Fast Forward

Rob Pegoraro's Fast Forward's Help File

By Rob Pegoraro
Sunday, January 4, 2009

QI got a USB drive with U3 software that I don't use, but I can't figure out how to remove it.

AU3 "smart" drives, which debuted in 2005 from SanDisk and other vendors, can store not just data but Windows programs. That can be handy for users who want to run one program on many PCs, or for those who can't install extra software on a computer at work.

But if you don't run Windows or otherwise didn't ask for that feature -- say when companies hand out U3 drives as promotional goodies -- this proprietary U3 setup can get in the way. Plus, you don't need U3 to take programs with you; see http://portableapps.com for applications that run on any flash drive.

The usual disk-management tools in Windows or Mac OS X can't convert a U3 drive to normal flash storage, but that drive should include an uninstall option. Click the U3 button at the right end of the taskbar to open the U3 Launchpad program, click its Settings link, choose U3 Launchpad Settings and select the Uninstall heading. Then click the Uninstall U3 Launchpad button to remove U3 and reformat the drive.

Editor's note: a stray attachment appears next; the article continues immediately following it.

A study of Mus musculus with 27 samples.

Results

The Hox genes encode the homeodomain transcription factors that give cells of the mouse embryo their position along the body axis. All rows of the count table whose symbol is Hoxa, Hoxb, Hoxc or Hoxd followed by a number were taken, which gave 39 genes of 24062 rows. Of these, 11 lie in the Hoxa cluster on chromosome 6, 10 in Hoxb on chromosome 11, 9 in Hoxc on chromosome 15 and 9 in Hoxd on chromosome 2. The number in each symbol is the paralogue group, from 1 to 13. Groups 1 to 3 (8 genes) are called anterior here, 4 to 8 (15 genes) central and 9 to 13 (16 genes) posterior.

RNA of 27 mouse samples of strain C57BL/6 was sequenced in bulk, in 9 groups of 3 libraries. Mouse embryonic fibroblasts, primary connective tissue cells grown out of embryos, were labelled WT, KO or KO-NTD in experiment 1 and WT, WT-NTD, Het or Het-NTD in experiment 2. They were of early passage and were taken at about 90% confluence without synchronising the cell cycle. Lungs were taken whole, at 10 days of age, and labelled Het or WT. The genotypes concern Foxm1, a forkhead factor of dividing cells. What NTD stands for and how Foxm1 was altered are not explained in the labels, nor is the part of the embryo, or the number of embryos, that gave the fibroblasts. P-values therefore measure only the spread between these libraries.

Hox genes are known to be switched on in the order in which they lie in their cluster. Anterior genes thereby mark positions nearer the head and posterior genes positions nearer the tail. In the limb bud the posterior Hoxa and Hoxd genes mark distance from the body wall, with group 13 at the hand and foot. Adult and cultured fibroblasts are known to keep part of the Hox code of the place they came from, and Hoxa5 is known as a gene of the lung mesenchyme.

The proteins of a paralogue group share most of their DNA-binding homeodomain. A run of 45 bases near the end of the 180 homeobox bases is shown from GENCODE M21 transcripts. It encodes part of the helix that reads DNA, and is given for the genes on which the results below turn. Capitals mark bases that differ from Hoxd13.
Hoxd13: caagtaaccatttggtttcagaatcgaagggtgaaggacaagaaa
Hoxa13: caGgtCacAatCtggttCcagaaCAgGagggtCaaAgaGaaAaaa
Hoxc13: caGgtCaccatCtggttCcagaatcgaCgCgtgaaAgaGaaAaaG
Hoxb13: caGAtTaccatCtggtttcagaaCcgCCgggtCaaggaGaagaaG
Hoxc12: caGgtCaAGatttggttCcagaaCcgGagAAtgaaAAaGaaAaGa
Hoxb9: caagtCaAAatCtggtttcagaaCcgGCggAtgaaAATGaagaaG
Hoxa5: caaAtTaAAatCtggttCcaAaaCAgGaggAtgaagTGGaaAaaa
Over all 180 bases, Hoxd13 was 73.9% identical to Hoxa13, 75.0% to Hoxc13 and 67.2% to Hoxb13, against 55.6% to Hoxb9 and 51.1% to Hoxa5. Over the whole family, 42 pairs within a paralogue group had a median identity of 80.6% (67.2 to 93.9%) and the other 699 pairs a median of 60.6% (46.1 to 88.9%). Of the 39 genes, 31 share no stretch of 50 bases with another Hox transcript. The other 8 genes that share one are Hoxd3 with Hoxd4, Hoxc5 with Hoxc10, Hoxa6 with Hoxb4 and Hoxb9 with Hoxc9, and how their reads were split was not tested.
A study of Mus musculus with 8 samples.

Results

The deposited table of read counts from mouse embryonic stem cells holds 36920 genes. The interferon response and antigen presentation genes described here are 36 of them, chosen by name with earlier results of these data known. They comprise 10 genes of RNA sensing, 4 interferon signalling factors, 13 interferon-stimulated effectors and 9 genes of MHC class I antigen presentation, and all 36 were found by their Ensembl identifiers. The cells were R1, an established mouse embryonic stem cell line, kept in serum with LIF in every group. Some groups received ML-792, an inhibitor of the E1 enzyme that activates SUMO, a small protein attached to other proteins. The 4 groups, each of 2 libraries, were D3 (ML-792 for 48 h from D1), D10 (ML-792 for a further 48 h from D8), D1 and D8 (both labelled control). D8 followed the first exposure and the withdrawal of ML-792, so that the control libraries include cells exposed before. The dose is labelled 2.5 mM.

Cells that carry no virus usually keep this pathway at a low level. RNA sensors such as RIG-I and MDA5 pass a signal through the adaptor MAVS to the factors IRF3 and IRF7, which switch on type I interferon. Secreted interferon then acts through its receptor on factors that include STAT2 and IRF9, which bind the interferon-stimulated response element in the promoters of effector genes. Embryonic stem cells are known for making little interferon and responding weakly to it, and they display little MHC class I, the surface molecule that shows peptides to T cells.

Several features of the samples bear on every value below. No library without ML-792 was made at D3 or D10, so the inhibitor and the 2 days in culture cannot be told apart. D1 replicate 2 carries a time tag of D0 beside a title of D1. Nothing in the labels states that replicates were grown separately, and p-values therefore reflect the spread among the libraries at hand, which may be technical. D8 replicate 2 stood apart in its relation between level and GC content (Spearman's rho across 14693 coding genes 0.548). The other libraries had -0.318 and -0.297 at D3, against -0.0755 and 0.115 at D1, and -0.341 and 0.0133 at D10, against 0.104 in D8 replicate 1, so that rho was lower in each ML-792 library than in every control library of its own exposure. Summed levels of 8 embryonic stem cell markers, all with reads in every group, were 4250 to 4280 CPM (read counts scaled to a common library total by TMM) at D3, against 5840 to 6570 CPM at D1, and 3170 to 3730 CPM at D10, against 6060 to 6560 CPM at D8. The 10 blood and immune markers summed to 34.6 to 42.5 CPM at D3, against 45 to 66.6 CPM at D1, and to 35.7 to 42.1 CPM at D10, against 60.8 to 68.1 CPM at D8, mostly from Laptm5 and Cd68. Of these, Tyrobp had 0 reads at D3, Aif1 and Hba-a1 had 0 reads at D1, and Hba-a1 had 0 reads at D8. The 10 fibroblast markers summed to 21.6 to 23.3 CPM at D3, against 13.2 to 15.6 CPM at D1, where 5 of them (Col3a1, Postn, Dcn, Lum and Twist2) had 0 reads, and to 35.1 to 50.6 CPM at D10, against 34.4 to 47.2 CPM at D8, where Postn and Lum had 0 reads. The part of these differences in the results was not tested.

If that doesn't work, you can download U3-removal programs for Windows and Mac OS X from http://u3.com/support/ (go to the third topic there, "How do I uninstall U3 from my flash drive?").

Adobe Reader has started acting up on my PC. Do I have any other options for viewing PDFs on the Web?

Try the free Foxit Reader 3 (http://foxitsoftware.com). Unlike older releases, this version, which shipped in November, can run as a plug-in inside Mozilla Firefox. But its installer can be awfully pushy: Choose a custom install to stop it from putting Foxit shortcuts all over Windows, then decline its options to add a Foxit browser toolbar and eBay links.

Rob Pegoraro attempts to untangle computing conundrums and errant electronics each week. Send questions to The Washington Post, 1150 15th St. NW, Washington, D.C. 20071 or robp@washpost.com. Turn to Thursday's Business section or visit washingtonpost.com anytime for his Fast Forward column.